I recently gave a talk on the Equinox to a group of mostly amateur hunters–prospective buyers. Minelab’s National Sales Rep was in the audience. Amongst the first things I said was that (having read some of the online “Treasure Talk” tech rundowns on this machine), that it was “…the first detector that I’ve ever had to translate to English!” In that manufactures like to promote their machines as being “turn on and go,” I’m not sure if the Rep liked me saying this. Probably not. It’s true, though some of the language used in explaining “Multi IQ” and how it accomplishes enhanced noise reduction and target ID accuracy can only be called “eye-glazing.” This talk of “data points” “resolution” and “frequency weightings” is a lot to digest and I’m still weeding through some of it. My point here though is that the end result is a detector that’s pretty simple to operate and get great results from. One idea I tried to emphasise in “…From Beginner to Advanced” is that no matter how complex a detector is–the most important thing is to have a good grasp of some very basic ideas of theory (the different characteristics of ferrous versus non-ferrous signals for example), and some simple ways to apply these. A while ago I got a text from a hunter asking if I could give him a “quick rundown” on how to run the Equinox in a sentence or two. I guess this kind of thinking must come from being used to simpler detectors–hunters want specifics–“now.” Similarly when I first got the EQ I was also looking at “YouTube” videos for “tricks and tweaks” that would help to solve particular site and target problems. The idea was: “…if I collect enough of these…” Looking back I see that 99% of these “instructional” videos were of little or no real value.
I’ve also heard guys on the forums dismiss my first EQ book saying that more could be learned from “guys on this forum”–sharing quick tips. To me this represents going in the wrong direction. It’s general and basic knowledge that allows you to address specific challenges–not the other way round. If I had called this book: “The Minelab Equinox: Theory and Practice” it would probably still be on the shelf–but it is theory, basics and general machine skills and features knowledge that provide the background for learning. It’s this background learning that lets you adapt, tune, recognise “quality”’ responses and draw your own accurate conclusions in any hunt situation. These generalizable skills represent a huge advantage. One only needs to take a look at some of these “YouTube” videos to see this principle in action–people just plain “using the Equinox badly” –not bothering to engage in even the most simple target testing. This detector was not designed to help you find flyspecks of aluminum, “too big” objects or random misshapen targets. Any cheap “stick beeper” can do that.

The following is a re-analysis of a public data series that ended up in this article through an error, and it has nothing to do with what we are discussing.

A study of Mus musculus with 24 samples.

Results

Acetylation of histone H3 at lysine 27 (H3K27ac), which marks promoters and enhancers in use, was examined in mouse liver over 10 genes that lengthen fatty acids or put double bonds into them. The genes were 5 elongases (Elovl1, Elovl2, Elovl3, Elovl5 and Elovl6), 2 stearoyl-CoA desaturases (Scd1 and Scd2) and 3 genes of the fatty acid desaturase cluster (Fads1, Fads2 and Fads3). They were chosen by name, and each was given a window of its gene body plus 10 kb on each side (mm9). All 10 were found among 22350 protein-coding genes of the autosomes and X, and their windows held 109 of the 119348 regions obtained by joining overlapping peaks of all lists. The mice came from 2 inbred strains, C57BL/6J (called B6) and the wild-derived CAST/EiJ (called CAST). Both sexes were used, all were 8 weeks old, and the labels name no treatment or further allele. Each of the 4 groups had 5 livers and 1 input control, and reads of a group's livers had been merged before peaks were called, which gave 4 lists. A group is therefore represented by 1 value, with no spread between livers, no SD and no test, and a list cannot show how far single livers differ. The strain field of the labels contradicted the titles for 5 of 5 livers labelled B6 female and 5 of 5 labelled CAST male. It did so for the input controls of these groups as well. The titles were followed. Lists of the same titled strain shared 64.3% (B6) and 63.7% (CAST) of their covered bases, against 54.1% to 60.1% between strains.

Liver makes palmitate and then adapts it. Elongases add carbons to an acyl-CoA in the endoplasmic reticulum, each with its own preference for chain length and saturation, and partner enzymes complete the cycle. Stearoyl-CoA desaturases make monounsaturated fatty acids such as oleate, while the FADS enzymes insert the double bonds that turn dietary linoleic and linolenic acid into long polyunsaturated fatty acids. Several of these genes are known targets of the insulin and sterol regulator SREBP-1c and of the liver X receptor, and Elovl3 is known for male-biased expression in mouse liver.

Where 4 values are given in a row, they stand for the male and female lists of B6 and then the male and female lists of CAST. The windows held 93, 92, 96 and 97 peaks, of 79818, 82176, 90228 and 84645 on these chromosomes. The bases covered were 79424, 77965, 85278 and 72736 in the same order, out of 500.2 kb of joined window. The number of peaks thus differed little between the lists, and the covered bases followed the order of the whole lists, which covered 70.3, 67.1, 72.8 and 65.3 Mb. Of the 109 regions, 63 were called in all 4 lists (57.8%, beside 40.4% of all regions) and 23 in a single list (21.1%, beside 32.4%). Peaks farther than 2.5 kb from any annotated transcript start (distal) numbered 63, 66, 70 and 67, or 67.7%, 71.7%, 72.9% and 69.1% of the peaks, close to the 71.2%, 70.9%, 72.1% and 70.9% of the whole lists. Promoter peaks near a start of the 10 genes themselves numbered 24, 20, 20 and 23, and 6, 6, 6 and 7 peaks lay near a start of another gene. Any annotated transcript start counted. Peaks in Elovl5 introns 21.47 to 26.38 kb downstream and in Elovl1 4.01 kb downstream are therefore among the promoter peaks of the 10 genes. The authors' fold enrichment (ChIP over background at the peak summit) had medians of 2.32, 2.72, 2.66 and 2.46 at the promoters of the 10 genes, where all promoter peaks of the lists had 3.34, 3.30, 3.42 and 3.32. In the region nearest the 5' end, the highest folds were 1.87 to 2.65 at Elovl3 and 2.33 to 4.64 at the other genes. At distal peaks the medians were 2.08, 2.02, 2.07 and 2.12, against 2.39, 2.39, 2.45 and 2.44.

The “theory” I’m talking about is not that involved–or stuffy. The starting point is the simple idea that the ground forms part of the signal. Rather than “punching” down though the ground to hear metal–what a detector actually does is to separate metal from ground. You could say that by way of processing–a detector separates the “order” of a clean metal target from the “chaos” (or “noise)” of the ground’s signal. That’s it. With a sophisticated detector like the Equinox, what you have is the machine responding to the relationship between ground and target with great precision. The last thing is that at a certain point–all detectors fail to accomplish this separation—and there is a lot of valuable target information to be gotten from this failure. The idea that’s served me well has been to learn to recognise the junk–and work backwards from there.
Let’s take a look at how the Equinox’s features combine to create its remarkable performance.